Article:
Judge to Brown: Stop your parole plan

Feb 25, 2016

In an expected turn of events, a local Sacramento judge has blocked Gov. Brown's parole ballot measure.


John Myers reports in the L.A. Times: "Gov. Jerry Brown's ballot measure to speed up the parole of some California prisoners was blocked from signature gathering on Wednesday afternoon, after a Sacramento judge ruled that the public should have been given additional time to review it."


"The ruling, which a spokesman for Atty. Gen. Kamala Harris said will be appealed, threatens to either derail the governor's high-profile attempt at major reform or force his political team to spend millions of dollars on a last-minute dash to collect voter signatures."


"Judge Shellyanne Chang sided with Sacramento District Attorney Anne Marie Schubert and the California District Attorneys Assn. in finding that there was "no substantial compliance" by Harris and her staff with the 2014 state law that governs late changes to proposed ballot measures."


A startling review of electronic security throughout the state revealed 73 out of 77 government agencies suffer from inadequate cyber protection.


From the Associated Press' Alison Noon: "California lawmakers at a hearing Wednesday accused officials from the Department of Technology of failing to protect state agencies considered vulnerable to hacking."


"The review follows a critical report by state Auditor Elaine Howle, who found holes in the online security of 73 of 77 agencies she reviewed last year. The technology department has not been providing agencies with sufficient training or qualified workers to keep up with cybersecurity protocols, Howle said Wednesday."


"Three California departments have particularly troubling information security gaps: the judicial branch, the Public Utilities Commission and the Board of Equalization, Howle told lawmakers Wednesday. Those offices are not subject to the same standards other agencies must follow."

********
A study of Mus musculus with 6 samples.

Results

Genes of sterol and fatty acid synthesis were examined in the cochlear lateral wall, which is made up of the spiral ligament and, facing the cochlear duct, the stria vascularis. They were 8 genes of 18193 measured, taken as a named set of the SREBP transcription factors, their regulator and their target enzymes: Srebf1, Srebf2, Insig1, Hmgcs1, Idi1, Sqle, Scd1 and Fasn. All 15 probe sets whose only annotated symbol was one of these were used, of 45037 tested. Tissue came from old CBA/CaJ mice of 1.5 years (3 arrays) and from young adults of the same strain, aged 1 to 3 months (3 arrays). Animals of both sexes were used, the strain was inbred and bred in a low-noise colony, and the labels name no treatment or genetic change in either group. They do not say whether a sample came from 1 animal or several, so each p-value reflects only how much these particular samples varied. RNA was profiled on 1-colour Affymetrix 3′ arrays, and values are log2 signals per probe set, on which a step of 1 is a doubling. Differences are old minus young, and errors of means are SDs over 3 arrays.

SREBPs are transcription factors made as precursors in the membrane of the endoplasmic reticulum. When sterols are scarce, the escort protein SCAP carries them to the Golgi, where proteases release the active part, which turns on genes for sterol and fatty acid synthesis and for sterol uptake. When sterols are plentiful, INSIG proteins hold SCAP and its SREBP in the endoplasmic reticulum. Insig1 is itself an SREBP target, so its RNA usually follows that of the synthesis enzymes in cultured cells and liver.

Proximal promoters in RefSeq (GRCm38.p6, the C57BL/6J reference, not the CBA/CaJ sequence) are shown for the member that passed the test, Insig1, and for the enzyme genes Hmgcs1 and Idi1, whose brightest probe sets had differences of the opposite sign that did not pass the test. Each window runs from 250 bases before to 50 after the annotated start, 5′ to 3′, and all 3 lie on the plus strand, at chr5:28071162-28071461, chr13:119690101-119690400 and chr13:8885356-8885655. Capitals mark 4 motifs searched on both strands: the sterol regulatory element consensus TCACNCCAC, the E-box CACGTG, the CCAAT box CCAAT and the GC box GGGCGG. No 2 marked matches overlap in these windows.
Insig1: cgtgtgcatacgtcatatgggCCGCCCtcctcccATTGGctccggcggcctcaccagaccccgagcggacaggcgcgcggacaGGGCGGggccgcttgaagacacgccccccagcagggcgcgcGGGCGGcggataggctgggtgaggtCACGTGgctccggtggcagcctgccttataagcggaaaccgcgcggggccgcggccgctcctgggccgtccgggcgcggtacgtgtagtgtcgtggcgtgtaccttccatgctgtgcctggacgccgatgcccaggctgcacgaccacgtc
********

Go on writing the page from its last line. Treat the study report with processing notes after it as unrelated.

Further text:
Give me your tired, your poor, your huddled masses yearning to breathe free... and make them wait another year.


David Siders of The Sacramento Bee says: "Proponents of a measure to raise billions of dollars for anti-poverty and children’s programs through higher taxes on commercial properties stopped collecting signatures for the November ballot and said Wednesday they will try again another year."

"The “Lifting Children and Families out of Poverty Act,” backed by several Southern California nonprofit groups, sought to impose a surcharge of up to 1 percent on real estate with assessed values more than $3 million."


"Proponents said the surcharge would raise an estimated $7.7 billion, with almost all of that coming from commercial properties."

Before Apple brought the technological-privacy debate to the forefront of the news, San Diego County was facing similar issues with phone security and criminal investigations, asking alleged criminals to sign a controversial waiver of their rights.

Dana Littlefield reports in The Tribune: "San Diego county prosecutors have stopped asking to have defendants in criminal cases sign a controversial waiver of rights form that allowed police to search cellphones, computers and other types of electronics without a warrant."

"The judges began issuing or granting the waivers in early January, which came as a surprise to local defense attorneys, many of whom first learned of the new document during court hearings."

"The Public Defender’s Office was particularly vocal in its objection to the waivers, and filed a challenge in appellate court. They contended that the new policy was being applied to all people on felony probation, without discretion, and that it violated their clients’ privacy rights."


And interestingly, there's a "battle of the sexes" in the state's Capitol as an all-female lobbying firm is proving to be highly successful. 


CalMatters' Laurel Rosenhall reports: "Photos decorating the Political Solutions lobbying firm look like those inside many similar businesses in Sacramento. One shows a firm partner on the golf course with a former assembly speaker. In another, three lobbyists smile alongside Gov. Jerry Brown."


"Then there’s a poster-sized picture indicating something here is a little different. Against the backdrop of the Capitol dome, it’s a close-up of a pink high heel.

“We didn’t purposely set out to have a female-owned firm,” said partner Tami Miller.""


"But over time, added partner Stacy Dwelley – owner of the pink shoe – “it’s become our brand.”"


Lastly, it appears that Sen. Leland Yee will receive 5 years in state prison for his hand in a bribery-corruption conspiracy involving organized criminal Raymond "Shrimp Boy" Chow. 


From the Chronicle's Bob Egelko and Kale Williams: "Former state Sen. Leland Yee, a powerhouse in Bay Area politics for a quarter century and now a convicted felon for taking bribes from undercover agents, stood before a federal judge in San Francisco on Wednesday, the day of his sentencing, and asked for leniency."


"He may have gotten his wish. Although U.S. District Judge Charles Breyer told Yee he wasn’t entitled to leniency, his sentence — five years in prison and a $20,000 fine — was near the bottom of the federal sentencing guidelines, and well below the eight-year term sought by prosecutors."